Urban Roadways and Transportation

Large cities have an amazing amount of foot and vehicle traffic. Some roadways will see more traffic in a month than a suburban or rural area may see in a decade. It is not surprising that transportation is highly controlled in urban areas. Planning is a good way to ensure traffic flow is contained to keep roadways passable and people moving within the city limits. Keeping maintenance in check with limited access and public transportation options also helps people move through the area without damaging roadways.

There are always a number of roadways that have restricted access for large or heavy trucks. These are generally smaller roads used for local traffic by cars and smaller vehicles. The reason heavier vehicles are kept out is to save wear and tear on the road or bridges. Not all roadways are built the same, and only flexible paving is in areas where heavy traffic abounds. This is because the weight is distributed downward on these special roads. It saves the pavement on the top from being crushed or broken by the heavy weights. Good urban planning provides access to all sections of the city with roads that will support their weight of their passage.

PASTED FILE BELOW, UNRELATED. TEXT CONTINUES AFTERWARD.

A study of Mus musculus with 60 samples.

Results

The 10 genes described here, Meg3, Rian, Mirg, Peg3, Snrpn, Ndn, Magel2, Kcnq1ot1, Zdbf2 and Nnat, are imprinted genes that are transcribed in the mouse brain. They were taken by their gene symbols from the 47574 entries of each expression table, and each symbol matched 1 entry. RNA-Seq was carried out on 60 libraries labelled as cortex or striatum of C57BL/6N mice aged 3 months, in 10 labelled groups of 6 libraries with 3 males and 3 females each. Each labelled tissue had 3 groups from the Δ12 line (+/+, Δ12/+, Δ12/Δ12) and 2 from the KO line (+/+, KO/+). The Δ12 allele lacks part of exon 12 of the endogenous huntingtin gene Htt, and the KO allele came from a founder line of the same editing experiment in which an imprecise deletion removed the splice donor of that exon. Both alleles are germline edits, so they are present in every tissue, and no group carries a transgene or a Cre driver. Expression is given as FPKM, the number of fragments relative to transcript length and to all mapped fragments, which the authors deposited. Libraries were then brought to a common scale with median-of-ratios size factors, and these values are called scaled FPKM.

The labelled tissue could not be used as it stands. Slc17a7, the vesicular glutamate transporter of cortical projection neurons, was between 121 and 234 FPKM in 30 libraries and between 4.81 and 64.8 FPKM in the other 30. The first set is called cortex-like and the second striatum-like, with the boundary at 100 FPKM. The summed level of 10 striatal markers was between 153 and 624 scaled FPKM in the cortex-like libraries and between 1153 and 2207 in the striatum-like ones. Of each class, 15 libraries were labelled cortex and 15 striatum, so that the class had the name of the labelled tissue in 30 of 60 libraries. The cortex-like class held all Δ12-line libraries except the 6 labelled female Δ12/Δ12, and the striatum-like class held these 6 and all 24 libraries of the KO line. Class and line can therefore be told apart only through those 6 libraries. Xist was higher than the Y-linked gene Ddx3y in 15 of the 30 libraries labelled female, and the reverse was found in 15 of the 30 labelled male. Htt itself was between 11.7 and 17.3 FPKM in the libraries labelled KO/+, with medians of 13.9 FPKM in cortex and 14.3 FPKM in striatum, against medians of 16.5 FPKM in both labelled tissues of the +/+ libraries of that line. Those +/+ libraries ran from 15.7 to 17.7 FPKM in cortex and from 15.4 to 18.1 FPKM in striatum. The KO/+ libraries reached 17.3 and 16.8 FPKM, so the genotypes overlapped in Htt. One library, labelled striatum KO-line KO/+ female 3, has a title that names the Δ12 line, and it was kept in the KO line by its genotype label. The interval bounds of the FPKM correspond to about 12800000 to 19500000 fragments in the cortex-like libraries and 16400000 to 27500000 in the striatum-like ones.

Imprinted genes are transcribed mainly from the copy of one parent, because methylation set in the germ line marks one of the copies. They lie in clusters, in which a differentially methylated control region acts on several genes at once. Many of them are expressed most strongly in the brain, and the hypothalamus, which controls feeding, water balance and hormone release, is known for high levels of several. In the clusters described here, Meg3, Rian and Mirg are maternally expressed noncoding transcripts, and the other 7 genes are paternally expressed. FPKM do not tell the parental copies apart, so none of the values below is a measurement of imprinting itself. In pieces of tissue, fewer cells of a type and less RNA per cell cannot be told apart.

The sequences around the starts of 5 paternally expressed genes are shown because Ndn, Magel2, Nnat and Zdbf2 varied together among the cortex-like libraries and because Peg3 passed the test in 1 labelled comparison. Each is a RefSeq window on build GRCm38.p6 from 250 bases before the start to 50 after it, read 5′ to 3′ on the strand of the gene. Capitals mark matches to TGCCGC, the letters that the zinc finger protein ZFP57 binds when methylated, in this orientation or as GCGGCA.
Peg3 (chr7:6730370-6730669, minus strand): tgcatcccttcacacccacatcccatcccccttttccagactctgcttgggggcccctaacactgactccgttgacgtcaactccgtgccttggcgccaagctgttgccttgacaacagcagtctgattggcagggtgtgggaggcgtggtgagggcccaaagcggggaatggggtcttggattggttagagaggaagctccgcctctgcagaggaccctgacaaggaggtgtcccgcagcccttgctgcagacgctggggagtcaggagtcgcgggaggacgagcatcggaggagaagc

Rain and snow are two of the weather hazards of roadways throughout the world. Water cannot be allowed to pool, so it must be drained off the roads as it falls. Porous paving is generally the option for controlling water on urban streets. It allows water to pass through the pavement and into the ground below. Walkways in parks and beside roads are generally made with permeable paving materials. There are gaps between sections where the water is absorbed into the ground.

Keeping roads in good repair is financially draining on urban budgets. Governments can no longer afford large budgets for poorly built roads. Restricting access for heavy trucks is one of the best ways to limit the maintenance needed in large areas. Keeping personal vehicles off the roads with public mass transportation is another way.